Indonesia‘s former President B J Habibie, who came to power during the country’s turbulent transition to democracy after former strongman leader Suharto stepped down in 1998, has died, his son said on Wednesday evening.
Habibie, 83, had been suffering from heart problems and was in hospital, Thareq Kemal Habibie told Metro TV.
An engineer by training, Habibie succeeded Suharto as Indonesia’s third president only months after becoming his deputy, just as the country was rocked by spasms of rioting and economic upheaval triggered by the Asian financial crisis.
His time in power was marked by his decision to allow a referendum on independence for the people of the former Portuguese colony of East Timor, which had been annexed by Indonesia in the 1970s.
In January 1999, Habibie said East Timor could have independence if its people rejected autonomy within Indonesia. The East Timorese voted in favour of independence triggering a wave of violence. The country is now known as Timor-Leste.
Habibie was born in June 1936 in South Sulawesi and studied aviation and aerospace engineering in Germany and the Netherlands before returning home in the mid-1970s.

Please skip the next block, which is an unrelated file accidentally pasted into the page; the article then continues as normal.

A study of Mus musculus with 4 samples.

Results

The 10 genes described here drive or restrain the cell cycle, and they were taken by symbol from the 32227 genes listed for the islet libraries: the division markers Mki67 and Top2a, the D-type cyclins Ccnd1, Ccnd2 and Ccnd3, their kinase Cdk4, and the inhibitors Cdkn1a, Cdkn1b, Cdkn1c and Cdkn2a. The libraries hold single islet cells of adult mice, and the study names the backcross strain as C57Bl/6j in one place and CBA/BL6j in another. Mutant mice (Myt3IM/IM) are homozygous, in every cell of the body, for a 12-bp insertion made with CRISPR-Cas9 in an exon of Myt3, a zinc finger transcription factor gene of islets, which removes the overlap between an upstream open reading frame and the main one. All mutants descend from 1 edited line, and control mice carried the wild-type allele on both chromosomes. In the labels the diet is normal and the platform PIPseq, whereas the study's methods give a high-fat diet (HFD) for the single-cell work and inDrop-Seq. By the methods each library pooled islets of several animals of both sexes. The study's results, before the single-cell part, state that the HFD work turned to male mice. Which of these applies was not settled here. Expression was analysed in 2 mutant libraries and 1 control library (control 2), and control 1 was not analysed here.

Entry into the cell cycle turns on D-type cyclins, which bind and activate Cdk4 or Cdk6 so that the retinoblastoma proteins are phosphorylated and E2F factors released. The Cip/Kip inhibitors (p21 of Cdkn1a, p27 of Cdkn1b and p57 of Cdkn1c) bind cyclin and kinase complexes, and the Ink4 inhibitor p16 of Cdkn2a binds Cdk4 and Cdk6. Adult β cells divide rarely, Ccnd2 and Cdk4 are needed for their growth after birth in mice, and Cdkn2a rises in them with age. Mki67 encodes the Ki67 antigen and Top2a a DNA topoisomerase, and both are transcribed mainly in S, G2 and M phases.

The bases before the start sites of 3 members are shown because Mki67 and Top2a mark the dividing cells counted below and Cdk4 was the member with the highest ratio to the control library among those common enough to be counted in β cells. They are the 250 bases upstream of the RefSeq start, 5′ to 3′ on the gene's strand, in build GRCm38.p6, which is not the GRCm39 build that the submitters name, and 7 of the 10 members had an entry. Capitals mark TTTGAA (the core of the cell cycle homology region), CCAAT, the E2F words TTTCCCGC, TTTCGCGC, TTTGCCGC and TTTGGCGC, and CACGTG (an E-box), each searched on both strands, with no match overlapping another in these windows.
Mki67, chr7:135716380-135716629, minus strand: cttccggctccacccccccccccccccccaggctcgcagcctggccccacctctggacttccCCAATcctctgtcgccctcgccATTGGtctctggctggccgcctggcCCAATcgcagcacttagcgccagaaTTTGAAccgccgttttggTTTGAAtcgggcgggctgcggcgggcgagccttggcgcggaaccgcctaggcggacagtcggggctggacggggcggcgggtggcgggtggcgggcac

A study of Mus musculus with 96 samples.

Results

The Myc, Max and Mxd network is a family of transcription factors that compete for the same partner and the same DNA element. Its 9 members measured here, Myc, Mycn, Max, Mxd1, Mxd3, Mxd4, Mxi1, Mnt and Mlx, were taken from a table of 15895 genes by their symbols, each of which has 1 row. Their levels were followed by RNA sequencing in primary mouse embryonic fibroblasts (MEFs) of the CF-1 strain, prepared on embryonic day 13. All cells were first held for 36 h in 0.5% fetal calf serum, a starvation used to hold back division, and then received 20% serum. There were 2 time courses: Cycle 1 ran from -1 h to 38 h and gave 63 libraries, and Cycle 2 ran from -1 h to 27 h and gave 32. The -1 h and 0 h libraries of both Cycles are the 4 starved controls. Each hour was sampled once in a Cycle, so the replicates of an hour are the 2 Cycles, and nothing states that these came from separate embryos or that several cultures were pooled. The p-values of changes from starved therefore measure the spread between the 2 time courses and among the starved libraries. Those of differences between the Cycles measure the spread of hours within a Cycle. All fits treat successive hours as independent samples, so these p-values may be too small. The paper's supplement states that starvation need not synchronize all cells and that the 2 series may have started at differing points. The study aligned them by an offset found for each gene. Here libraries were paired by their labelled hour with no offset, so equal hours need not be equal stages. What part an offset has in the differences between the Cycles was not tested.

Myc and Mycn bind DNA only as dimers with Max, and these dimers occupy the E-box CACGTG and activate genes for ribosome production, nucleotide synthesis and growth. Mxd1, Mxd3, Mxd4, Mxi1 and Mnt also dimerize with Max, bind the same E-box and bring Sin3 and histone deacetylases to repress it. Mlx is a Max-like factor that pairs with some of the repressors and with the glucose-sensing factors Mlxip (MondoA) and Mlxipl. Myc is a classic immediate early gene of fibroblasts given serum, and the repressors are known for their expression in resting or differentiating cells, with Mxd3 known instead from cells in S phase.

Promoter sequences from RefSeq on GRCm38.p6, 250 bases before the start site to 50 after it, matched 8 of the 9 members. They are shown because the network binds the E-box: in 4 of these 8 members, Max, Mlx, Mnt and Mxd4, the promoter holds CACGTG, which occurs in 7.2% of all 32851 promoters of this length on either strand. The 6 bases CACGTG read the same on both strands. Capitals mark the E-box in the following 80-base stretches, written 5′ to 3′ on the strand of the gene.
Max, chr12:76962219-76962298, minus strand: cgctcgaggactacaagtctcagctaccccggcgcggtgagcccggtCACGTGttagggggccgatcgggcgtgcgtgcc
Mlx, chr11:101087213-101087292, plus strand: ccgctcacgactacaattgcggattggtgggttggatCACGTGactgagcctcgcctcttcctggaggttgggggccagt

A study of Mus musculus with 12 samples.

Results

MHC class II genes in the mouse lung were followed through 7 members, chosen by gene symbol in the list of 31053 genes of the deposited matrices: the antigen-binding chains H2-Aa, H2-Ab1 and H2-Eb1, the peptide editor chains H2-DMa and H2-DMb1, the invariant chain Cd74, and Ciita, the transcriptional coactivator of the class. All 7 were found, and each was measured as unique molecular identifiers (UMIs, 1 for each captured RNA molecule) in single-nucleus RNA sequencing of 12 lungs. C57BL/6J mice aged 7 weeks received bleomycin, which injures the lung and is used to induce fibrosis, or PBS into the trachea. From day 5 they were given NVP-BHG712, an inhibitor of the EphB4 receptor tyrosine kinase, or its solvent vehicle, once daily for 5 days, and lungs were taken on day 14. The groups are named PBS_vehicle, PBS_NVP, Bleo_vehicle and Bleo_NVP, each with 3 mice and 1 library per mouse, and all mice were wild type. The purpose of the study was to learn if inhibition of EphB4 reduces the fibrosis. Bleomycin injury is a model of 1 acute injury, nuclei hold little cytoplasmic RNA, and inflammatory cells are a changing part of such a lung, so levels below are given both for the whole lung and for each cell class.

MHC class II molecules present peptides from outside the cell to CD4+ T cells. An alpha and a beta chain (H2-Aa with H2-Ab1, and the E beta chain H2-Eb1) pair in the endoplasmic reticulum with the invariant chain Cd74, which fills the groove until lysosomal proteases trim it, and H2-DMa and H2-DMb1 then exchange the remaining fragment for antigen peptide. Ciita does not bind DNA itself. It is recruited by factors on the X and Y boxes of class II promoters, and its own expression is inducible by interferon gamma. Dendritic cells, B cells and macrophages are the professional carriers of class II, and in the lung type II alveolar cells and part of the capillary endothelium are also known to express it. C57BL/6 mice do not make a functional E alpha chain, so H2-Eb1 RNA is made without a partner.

Suharto asked him to help industrialise the country.
He chaired the state-owned aviation company Industri Pesawat Terbang Nusantara and then served as minister of research and technology for 20 years.
President Joko Widodo, in a televised speech announcing Habibie’s death, described Habibie as a “world-class scientist and the father of technology in Indonesia”.
Habibie served for just 17 months as president – he withdrew from contention in the October 1999 election – and was succeeded by Abdurrahman Wahid, popularly known as Gus Dur.
Malaysian politician Anwar Ibrahim paid tribute to Habibie as “family”, recalling the Indonesian’s support during his years in prison.
“He was no ordinary politician,” Anwar wrote on his Facebook page. “BJ Habibie spoke from confidence as well as conscience.”
Habibie is survived by his two sons.